Hideout developer presents pitch for annexation to voters
A dozen people attended the information session, with many appearing to support the plan
About a dozen people filed into the basement of the Hideout Town Hall Monday evening to hear a presentation from developer Nate Brockbank about what the proposed Richardson Flat development would mean for their town.
Brockbank spoke for more than an hour, aided by a public relations consultant and a digital slide show. He was trying to sell to Hideout residents his proposal for the town to annex 350 acres of Richardson Flat so he can build a residential and commercial development there, including 600 homes, businesses and municipal buildings.
He indicated the development would help solve some of the town’s most serious issues and provide desirable services and amenities.
The lights were darkened and there was a table with free Hideout T-shirts and pamphlets asking for support on the June referendum that may decide the future of the annexation. The consultant, Renae Cowley, said she brought voter registration forms, as well.
The protestations about the annexation plan that came from neighboring residents and governments this summer have receded slightly, though litigation continues through two district courts. The basement conference room, however, was devoid of acrimony, with the developer answering sincere questions from the audience about specific aspects of the project.
Attendees asked about tax revenues, environmental cleanup and where certain components would be built.
What: Richardson Flat development information sessions
When: 6 p.m. Wednesday, May 19, and June 9
Where: Hideout Town Hall, 10860 N. Hideout Trail, Hideout
Info and streaming: facebook.com/WeLoveHideout/
The event was the first of three information sessions the developer and his team are hosting. It wasn’t affiliated with the Hideout government, though multiple town councilors attended. The others are planned for May 19 and June 9, and are scheduled to also be streamed online at facebook.com/WeLoveHideout/, as this event was.
Brockbank indicated in an interview that he wasn’t sure what to expect going into the event, indicating he would not have been surprised if detractors of the controversial proposal showed up to weigh in.
“Man, this could be bad,” he recalled thinking.
But after the presentation, he said he didn’t think the questions were antagonistic and he counted plentiful support among the attendees.
Chris Judd is one such supporter. He said he has changed his mind about the proposal since it was first introduced last July.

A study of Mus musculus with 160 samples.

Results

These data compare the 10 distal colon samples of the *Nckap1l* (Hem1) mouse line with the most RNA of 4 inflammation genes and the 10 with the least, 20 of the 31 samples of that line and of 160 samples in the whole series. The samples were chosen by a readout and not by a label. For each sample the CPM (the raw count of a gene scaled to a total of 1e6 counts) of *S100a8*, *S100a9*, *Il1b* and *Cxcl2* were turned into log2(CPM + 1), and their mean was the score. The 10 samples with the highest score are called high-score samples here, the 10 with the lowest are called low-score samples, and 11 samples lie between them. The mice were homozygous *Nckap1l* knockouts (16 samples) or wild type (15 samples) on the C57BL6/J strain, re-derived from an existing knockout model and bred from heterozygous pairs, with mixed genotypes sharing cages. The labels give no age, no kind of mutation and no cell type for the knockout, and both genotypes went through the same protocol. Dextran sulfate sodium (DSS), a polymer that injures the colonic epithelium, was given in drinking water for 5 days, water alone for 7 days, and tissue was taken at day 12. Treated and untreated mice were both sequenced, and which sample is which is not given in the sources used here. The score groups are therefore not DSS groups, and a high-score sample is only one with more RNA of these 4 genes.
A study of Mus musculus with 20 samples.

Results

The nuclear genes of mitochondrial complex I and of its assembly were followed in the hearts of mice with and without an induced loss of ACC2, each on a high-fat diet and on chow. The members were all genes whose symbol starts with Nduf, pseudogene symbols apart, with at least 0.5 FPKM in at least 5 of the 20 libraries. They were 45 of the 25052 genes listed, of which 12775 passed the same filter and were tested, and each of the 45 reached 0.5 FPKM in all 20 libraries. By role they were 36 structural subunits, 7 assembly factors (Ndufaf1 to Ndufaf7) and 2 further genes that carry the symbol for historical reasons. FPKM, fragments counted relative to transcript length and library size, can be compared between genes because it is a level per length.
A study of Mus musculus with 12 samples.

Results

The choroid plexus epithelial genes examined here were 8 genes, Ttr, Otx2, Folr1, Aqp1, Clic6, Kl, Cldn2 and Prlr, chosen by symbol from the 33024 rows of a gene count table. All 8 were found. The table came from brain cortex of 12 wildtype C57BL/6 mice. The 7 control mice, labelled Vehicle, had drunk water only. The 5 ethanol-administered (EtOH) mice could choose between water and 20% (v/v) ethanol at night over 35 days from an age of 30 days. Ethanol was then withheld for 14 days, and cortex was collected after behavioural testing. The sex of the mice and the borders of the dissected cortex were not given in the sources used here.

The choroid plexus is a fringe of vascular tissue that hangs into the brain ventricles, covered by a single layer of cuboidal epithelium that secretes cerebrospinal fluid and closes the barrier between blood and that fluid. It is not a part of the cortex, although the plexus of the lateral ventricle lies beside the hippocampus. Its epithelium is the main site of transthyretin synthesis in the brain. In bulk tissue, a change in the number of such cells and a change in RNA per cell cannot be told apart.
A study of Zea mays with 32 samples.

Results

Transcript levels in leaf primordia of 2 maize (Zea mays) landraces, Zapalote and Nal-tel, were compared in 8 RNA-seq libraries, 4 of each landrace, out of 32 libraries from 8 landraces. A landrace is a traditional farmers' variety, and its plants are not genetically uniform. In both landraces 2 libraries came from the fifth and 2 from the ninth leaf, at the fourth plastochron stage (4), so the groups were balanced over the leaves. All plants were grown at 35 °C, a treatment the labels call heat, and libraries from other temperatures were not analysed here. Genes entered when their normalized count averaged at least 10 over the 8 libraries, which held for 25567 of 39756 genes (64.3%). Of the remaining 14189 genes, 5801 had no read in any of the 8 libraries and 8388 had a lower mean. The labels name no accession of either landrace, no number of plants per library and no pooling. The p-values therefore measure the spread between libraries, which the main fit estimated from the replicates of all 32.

“I thought it was a land grab by a presumed greedy developer,” he said of his initial thinking.
But he said he wanted to learn more about it, and watched every Town Council and Planning Commission meeting he could.
He came away impressed with Brockbank’s sincerity, believing that the developer is devoted to the town and indicated he would do right by it.
Judd supports the annexation plan, saying he thinks it will help the town’s revenue streams, alleviate the piles of contaminated dirt on Richardson Flat that are “eyesores” and provide commercial services closer than Park City or Kamas.
Plus, he said, there hasn’t been a cogent argument against the plan other than to preserve open space.
“Park City doesn’t have open land because they’re developing it all,” he said. “Why shouldn’t we do that?”
Brockbank’s pitch included many of the same points, as well as the proposal for miles of new trails and a school site.
One pamphlet touted an endorsement from the Utah Taxpayers Association for Brockbank’s plan not to finance the project with tax credits, as well as quoting from an unreleased Zions Bank fiscal impact study that recommends the town diversify its revenue sources.
That’s a point Brockbank made as well, saying that the town relies on building permits for revenue, a source that will dry up when building stops.
The other pamphlet, entitled “Park City Created A Problem,” indicates that Brockbank has paid $40,000 for an environmental study to examine the contamination in Richardson Flat.
“If it’s feasible, the developer will pay for the entire cleanup, turning it into baseball and soccer fields, playgrounds, trails, and other amenities,” the pamphlet states.
Brockbank estimated the cost would be in the low millions of dollars, rather than the $50 million price tag Summit County has alleged in litigation.
Officials from Park City, Summit County and Wasatch County have publicly opposed the annexation and the way it was brought about, and there are ongoing lawsuits seeking to derail the development. But on June 22, it will be the 333 registered voters in Hideout weighing in on the project.
Brockbank indicated he would be knocking on doors and seeking to sell the plan to voters in coming weeks.